The Chinese equivalent of Pwn2Own, called the Tianfu Cup, has revealed some very concerning security exploits and compromises. Not just Microsoft Windows, but also iPhone 13 running Apple Inc.’s latest iOS 15, and Google Chrome had their vulnerabilities exposed and exploited.
Budding, enterprising, talented, and young “ethical” hackers participating in the Chinese Tianfu Cup successfully penetrated the seemingly fortified Windows OS, iOS, Google Chrome, and other digital platforms. No wonder Pwn2Own authorities have permanently banned these Chinese hackers.
Chinese hackers consistently defeat even the most secure operating systems and platforms to win the Tianfu Cup:
Competitions such as the Pwn2Own are critical for large tech companies and businesses. Talented hackers reveal security loopholes, bugs, and other vulnerabilities in popular software and digital platforms.
Tech giants accept and verify the flaws, and fix them. Winning competitors receive monetary rewards and international recognition for their talents and exploits.
China's Tianfu Cup is a display of cybersecurity talent—and force https://t.co/h1AsfMU4cT
— Bloomberg (@business) October 29, 2021
Chinese hackers participate in a very similar, but regional competition called the Tianfu Cup. The latest report from the Tianfu Cup cybersecurity contest strongly indicates that security is just an illusion.
Contestants participating in the competition successfully breached the security of a variety of devices, applications, operating systems, and digital platforms.
— maldiohead (@ma1fan) October 27, 2021
Apple Inc. is a company that prides itself on offering an unparalleled level of security to its iPhone and iPad users. However, ethical hackers at the competition demonstrated two exploits.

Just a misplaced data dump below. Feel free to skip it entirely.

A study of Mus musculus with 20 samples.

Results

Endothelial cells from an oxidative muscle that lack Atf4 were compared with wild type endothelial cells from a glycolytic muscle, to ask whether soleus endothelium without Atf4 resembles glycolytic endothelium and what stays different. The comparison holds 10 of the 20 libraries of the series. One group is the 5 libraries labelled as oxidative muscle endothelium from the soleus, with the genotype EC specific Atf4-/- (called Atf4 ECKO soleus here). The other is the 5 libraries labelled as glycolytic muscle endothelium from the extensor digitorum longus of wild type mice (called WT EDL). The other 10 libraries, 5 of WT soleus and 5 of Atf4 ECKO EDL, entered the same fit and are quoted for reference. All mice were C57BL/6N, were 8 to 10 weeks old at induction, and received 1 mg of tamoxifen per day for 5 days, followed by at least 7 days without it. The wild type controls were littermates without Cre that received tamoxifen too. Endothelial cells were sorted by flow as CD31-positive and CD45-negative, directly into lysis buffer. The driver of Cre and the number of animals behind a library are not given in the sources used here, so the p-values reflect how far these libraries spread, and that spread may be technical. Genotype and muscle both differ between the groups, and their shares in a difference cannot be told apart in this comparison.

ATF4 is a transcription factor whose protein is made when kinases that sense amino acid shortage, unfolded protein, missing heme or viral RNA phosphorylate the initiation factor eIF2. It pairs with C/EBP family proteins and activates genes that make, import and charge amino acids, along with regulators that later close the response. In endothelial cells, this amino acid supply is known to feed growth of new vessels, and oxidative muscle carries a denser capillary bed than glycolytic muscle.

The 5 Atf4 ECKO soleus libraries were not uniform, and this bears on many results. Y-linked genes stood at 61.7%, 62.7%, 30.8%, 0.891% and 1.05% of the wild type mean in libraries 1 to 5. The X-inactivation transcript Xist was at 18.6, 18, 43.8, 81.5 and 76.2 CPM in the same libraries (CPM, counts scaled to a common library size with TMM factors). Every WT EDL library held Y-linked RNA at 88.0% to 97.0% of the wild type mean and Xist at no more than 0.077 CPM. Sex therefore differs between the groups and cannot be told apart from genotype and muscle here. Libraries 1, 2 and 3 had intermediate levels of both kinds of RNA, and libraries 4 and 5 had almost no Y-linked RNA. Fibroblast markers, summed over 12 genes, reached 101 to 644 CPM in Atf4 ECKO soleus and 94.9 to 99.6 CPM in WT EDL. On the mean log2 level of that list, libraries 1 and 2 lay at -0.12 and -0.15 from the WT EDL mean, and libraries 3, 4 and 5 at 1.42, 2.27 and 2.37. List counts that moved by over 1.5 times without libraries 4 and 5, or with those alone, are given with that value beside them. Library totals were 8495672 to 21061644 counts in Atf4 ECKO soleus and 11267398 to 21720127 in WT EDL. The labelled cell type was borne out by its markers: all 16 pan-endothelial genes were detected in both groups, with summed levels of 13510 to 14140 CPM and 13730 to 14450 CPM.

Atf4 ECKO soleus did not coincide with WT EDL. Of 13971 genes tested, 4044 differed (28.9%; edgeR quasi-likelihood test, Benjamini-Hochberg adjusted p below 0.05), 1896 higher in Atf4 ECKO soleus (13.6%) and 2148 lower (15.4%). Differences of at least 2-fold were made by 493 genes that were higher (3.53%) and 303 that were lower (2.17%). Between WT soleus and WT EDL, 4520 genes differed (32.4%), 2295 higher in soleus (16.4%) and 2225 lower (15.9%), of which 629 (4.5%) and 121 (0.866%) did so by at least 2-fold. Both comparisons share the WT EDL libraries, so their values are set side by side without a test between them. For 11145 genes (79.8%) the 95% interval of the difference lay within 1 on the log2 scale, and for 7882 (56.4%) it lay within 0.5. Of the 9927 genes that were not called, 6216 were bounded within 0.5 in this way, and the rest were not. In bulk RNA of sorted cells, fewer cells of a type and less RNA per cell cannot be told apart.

Concerningly, these hackers compromised the security of the latest iPhone 13 Pro running iOS 15.0.2. While one of the security breaches was a Remote Code Execution (RCE) exploit, the other was an iOS 15 Jailbreak.
Microsoft Windows 10 had five exploits, and even the Exchange platform wasn’t impenetrable. Some of the other notable mentions reportedly include Google Chrome, Adobe PDF, the Asus AX56U router, Docker CE, Parallels VM, QEMA VM, Ubuntu 20, VMware ESXi, and Workstation.
Is China stockpiling security exploits to use in cyber warfare?
Several governments have routinely expressed their concerns about the Chinese event. Concerningly, a new September 1st, 2021 Chinese law requires Chinese citizens to disclose any zero-day vulnerabilities to the government.
At the Tianfu Cup hacking competition, China showed off a talent base of aggressive hackers undeterred by blowback from international exposure of its activities. https://t.co/Q4VV0f9t88
— War on the Rocks (@WarOnTheRocks) October 29, 2021
“The Chinese government could stockpile a significant number of zero-days against widely used products in other regions and have access to the knowledge required to exploit these products before they’re successfully patched,” said Kristina Balaam, a senior security intelligence engineer at Lookout.
During the weekend of 16-17 October, Chinese hackers went on something of a rampage that saw all but three of the 15 target products breached during the exploit onslaught that was the Tianfu Cup. #cybersecurity #microsoft #chrome #securitybreach #infosec https://t.co/GjjYSWFsE0
— LiveHack.tech (@LiveHackTech) October 31, 2021
It is, however, important to note that all the security exploits that won the competition will reportedly make their way to the affected vendors. In other words, Tianfu Cup organizers will alert the victims about the security vulnerabilities.
In fact, Google has even begun patching the flaws. Other tech giants could be patching their software after receiving alerts about security flaws.